Lately as i scroll down my social media’s news feed i see a young girl go missing every day and then they come up found but recently teens been going missing rapidly and haven’t been found. At first it was one than 2 now up to 5 girls going missing a day and now young men too. I feel bothered, upset and sad about the situation because no major blogs is covering this story of these missing teens; these kids deserve to be found and saved. its feeling unease I fear that these teens are being unwilling recruited into sex slavery, if you don’t know what sex slavery is, sex slavery is when strangers kidnap babies, children and adults both men and woman, the sex slave owners force these victims to perform sexual actions against their will with other adults who pay to sleep with these victims. A sex slave customer can be a father, brother, mother, sister, doctors, husband, wife etc the list can go on and on.
A dozen teens have gone missing in Washington D.C. since the beginning of the year, community leaders have become concerned that some of these girls may be victims of human trafficking aka sex slavery.
Reports on the exact number of missing teens has varied: The Huffington Post reportedly conducted an analysis that found there were still 37 unsolved missing persons cases in D.C. since January involving both girls and boys, all of whom are black or Hispanic. A March 14 column in the Washington Post said that as of that day, 10 teen girls remained missing in the D.C. area.
Earlier this week, NBC News published an interactive map of missing D.C.-area teens, mostly female, whose last locations were known.
Among them are 15-year-old Dayanna White, who did not return home from school on March 3 and has not been seen since. Her mother, Dana White-Stevenson, told the Independent Journal Review that she had received minimal support from the Metropolitan Police Department, and that she and her husband have been doing the bulk of the work to find the girl.
Fourteen-year-old Shania Boyd has been missing since March 3. Cherea Payne, 17, vanished on March 17. Very little information about their, and other, disappearances has been made public.
On social media, many have expressed their frustration about the lack of media attention given to these missing black youths, arguing that the disappearance of one white girl can will will often get wall-to-wall coverage while other cases will get ignored.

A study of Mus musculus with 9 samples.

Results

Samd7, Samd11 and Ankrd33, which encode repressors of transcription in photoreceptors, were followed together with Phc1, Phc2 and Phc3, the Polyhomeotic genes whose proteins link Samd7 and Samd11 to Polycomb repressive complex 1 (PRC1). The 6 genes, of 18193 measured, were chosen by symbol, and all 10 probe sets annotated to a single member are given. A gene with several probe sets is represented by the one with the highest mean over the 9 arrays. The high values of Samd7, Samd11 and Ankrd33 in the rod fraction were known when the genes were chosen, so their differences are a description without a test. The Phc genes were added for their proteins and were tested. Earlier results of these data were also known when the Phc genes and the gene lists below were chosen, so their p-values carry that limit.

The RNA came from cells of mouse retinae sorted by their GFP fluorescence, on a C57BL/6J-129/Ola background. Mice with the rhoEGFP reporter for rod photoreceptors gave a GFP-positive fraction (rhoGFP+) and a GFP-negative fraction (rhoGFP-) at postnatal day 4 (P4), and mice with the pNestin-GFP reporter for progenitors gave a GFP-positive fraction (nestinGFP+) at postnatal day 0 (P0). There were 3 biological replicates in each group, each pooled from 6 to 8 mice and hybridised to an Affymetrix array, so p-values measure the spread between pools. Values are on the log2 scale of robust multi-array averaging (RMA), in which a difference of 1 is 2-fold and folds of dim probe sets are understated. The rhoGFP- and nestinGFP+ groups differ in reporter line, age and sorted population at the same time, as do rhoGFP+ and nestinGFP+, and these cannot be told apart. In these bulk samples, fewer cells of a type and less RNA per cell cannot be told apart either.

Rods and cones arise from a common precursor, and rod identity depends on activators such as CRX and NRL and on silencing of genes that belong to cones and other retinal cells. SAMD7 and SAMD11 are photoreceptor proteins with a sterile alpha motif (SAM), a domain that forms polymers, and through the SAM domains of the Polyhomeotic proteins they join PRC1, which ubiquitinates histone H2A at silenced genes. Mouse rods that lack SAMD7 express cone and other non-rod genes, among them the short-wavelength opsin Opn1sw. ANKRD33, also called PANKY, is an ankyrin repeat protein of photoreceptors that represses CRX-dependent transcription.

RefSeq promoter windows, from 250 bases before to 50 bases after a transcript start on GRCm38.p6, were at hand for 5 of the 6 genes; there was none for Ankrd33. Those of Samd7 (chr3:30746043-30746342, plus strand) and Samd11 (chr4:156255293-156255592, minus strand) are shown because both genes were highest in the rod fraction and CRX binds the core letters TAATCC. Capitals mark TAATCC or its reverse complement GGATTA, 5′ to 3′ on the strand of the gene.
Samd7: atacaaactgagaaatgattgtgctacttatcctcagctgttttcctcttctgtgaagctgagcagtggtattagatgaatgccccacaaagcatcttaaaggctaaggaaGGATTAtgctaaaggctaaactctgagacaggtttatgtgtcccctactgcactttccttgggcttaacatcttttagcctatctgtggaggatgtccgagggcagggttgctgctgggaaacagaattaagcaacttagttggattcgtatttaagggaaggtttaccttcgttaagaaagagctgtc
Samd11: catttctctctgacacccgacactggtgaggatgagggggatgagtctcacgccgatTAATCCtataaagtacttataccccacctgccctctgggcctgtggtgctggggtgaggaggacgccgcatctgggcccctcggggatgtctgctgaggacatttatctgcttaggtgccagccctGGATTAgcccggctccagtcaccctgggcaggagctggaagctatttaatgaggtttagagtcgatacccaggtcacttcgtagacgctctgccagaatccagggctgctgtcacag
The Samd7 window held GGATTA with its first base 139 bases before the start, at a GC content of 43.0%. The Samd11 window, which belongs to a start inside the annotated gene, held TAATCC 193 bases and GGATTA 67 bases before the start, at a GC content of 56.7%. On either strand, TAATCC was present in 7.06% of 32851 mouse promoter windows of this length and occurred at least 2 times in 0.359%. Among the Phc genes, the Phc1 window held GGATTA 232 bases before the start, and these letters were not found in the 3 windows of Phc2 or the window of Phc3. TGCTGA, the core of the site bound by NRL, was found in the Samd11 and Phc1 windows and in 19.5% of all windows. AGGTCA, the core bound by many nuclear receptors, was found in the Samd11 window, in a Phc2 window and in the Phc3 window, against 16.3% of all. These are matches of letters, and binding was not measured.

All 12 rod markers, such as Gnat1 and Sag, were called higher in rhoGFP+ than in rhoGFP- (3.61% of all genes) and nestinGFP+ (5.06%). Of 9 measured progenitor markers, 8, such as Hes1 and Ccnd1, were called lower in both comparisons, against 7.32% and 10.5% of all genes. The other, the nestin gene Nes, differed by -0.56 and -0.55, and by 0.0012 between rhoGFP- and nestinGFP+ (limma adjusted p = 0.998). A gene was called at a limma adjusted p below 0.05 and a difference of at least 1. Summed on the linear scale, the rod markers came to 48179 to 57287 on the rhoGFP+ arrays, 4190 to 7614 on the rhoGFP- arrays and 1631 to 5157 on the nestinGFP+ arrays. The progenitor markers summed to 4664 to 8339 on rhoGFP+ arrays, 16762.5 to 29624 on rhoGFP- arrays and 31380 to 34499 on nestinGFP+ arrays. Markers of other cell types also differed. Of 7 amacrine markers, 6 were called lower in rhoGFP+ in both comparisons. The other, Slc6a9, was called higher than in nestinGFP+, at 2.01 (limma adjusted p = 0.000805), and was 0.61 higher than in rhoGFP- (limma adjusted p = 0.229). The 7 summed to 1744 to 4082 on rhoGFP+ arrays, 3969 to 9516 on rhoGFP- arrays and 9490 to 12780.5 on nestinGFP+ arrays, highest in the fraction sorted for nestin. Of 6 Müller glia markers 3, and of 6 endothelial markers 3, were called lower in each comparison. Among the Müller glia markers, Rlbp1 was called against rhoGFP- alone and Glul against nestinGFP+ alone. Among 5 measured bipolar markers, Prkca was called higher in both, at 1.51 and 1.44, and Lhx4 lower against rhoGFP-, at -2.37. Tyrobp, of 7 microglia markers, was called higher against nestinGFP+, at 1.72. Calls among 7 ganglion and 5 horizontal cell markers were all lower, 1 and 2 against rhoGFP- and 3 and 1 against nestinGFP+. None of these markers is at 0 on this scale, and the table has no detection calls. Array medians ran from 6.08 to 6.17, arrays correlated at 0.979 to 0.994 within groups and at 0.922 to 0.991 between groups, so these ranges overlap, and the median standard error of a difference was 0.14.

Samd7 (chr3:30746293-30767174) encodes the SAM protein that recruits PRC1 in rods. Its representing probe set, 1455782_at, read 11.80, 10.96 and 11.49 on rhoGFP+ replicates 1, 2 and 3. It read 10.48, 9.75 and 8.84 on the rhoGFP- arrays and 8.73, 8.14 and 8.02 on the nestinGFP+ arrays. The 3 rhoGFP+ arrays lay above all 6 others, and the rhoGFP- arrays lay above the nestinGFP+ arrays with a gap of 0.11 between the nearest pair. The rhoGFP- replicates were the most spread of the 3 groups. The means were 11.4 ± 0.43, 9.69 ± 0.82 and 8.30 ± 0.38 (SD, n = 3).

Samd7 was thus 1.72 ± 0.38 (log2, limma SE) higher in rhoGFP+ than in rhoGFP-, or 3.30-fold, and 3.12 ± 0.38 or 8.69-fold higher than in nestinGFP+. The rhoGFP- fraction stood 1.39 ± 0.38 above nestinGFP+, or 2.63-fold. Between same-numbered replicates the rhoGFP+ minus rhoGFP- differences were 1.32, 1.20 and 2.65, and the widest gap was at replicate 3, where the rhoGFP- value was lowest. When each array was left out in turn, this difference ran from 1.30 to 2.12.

Reposting cuz the picture I posted yesterday was incorrect photos of the young women missing from D.C. When relaying information about this, we have to be careful we relay the correct info because these are all peoples little girls. 64,000 young black women missing since 2014 in America and heavily recently in the D.C. / Chicago area. I encourage you to use your voice, platform, privilege, phone, eyes, ears, heart in any and every way regarding this situation. If you see something suspicious, speak up. When the media doesn’t do their job it’s up to us to educate eachother, this should be a priority on everyone’s list. Be safe, not sorry. #BringThemHome
Social media efforts to mitigate the lack of news coverage on the disappearance does appear to have raised the profile of the missing teens, along with fears that danger is lurking in the nation’s capital. A recent tweet about some of the missing girls received well over 100,000 retweets.
It takes 3.2 secs to retweet and help find these 8 BLACK GIRLS reported missing in Washington, D.C. during the past three days (1/2) pic.twitter.com/xpEwNcW44S
— Black Marvel Girl (@BlackMarvelGirl) March 13, 2017
The apparent spike in vanishing girls has raised concerns in the community about human trafficking.
Derrica Wilson, co-founder of the non-profit Black & Missing Foundation, told WAMU that the D.C. area is historically a target for human traffickers, and said the fears of such crimes are more than valid.
“What’s alarming is the number of kids going missing in such a short period of time,” Wilson said, “and although they have not linked it directly to human trafficking, we can’t dismiss that that’s an issue we face right here.”
Indeed, law enforcement and public officials have downplayed the significance of the missing teen cases.
At a press conference last week, D.C. Mayor Muriel Bowser said there was “no evidence to suggest an increase in missing persons,” continuing:
The number of missing persons reports has remained constant since 2014. What has changed is our way of getting that information out quickly and the tools that we are using to get that out.
But her comments have done little to calm worried — and angry — residents.
“So to say that is not an uptick in the number of kids that are going missing — to see that 10 children go missing within two weeks,” Wilson told Fox 5 D.C. “That right there is alarming in itself.”